Have you ever gone to a website, hunted around for five minutes or better and still not been able to locate the answer to your question?
I gave away ten minutes of my life last week to a resort I am planning to go to this summer. I already made the reservation, but I wanted to learn a little more about what it had to offer. I was looking for a map of the local trails and a map of the trails on their property. I also wanted to know what items I could rent at the location. As I typed, I was still considering canceling my reservation and going to different place. Why? Because earlier I found a different, more expensive resort where I could find the maps I wanted and answers to all of my questions right on their website.
Do you think I cared at this point that it would cost a little more? No, I didn’t. I had already made a judgment about the two businesses and how they do business.
The resort that didn’t have these important details on their site made me feel like I wasn’t that important for them to have as a customer. Why else would they not have all of the details I needed on this website? Then, I started to question all of the other things they skipped over when dealing with the customer.
Can you see what they have done by not having the answers to my questions? They have brought doubt into my purchase. In business you never want to bring doubt and second guessing into the conversation.
The resort that did have the details and information I wanted made me feel confident that they were in tune with their business and their customer. They work in hospitality and are going to provide an amazing vacation place to stay. As you can see, I’ve already moved my reservation to them.
Don’t lose business by not answering the questions people are asking.
Digital marketing professionals will all tell you that you don’t want to have too much content on your home page. It’s true, a really good website is concise and will also not have too many pages either.
Top 3 Ways to Make Sure Your Website Isn’t Losing You Customers by Not Answering Their Questions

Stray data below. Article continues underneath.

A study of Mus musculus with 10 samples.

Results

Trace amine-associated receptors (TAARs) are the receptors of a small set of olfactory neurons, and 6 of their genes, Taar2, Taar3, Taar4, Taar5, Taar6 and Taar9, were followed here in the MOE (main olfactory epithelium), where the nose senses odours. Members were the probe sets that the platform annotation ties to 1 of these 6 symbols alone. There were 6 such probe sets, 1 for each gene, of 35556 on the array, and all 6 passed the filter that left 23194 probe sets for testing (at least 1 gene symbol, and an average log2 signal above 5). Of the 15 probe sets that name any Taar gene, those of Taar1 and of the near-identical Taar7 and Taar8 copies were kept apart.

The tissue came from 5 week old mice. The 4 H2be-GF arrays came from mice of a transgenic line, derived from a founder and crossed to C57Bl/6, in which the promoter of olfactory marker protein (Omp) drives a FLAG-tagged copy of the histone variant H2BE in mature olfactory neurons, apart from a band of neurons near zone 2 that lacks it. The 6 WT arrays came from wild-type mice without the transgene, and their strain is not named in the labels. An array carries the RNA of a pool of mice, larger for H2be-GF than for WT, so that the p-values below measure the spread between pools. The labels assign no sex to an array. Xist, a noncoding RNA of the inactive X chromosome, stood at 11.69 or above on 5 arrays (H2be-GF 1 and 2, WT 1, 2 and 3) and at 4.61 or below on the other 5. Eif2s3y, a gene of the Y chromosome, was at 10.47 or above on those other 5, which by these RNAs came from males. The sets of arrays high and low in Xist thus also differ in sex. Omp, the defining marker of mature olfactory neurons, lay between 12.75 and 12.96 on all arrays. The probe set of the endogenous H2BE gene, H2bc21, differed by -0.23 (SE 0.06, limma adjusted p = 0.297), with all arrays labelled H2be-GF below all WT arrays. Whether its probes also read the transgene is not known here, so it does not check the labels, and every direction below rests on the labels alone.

- Have a FAQ (Frequently Asked Questions) page and include a search on that page
- List out every question you can think of that your customers ask you and then answer those in detail. Not those two word answers.
- Add more details after the fold of inside webpages that need more details.
- After the fold, means where people would have to start scrolling to see more information.
- Make sure to test how it looks on both your computer and mobile phone, it will look different on each platform.
- Add a chat box to your website and plan for your staff to answer the questions
I know, you’re now thinking, “When in the world do I have time to do all of this?” You do. Take one topic a week. Maybe two pages a month. Take five FAQ questions at a time. As new questions emerge, add them to the page.
My example is one of many I could share with you. People’s expectations of websites have changed. They believe that they should not have to call you to get the answers they’re looking for. Those answers should be on your website. Using a phone to call and talk to someone is at an all-time low right now. It’s actually highly avoided by a large segment of the population and that number is growing daily.
Remember your website is one of the main reflections of your business. So, treat your customers like the amazing people they are and as valuable assets to your business. Treat them with respect, understanding, and support.
Websites don’t have to be complicated and hard to deal with, they do have to do their job right and support your business.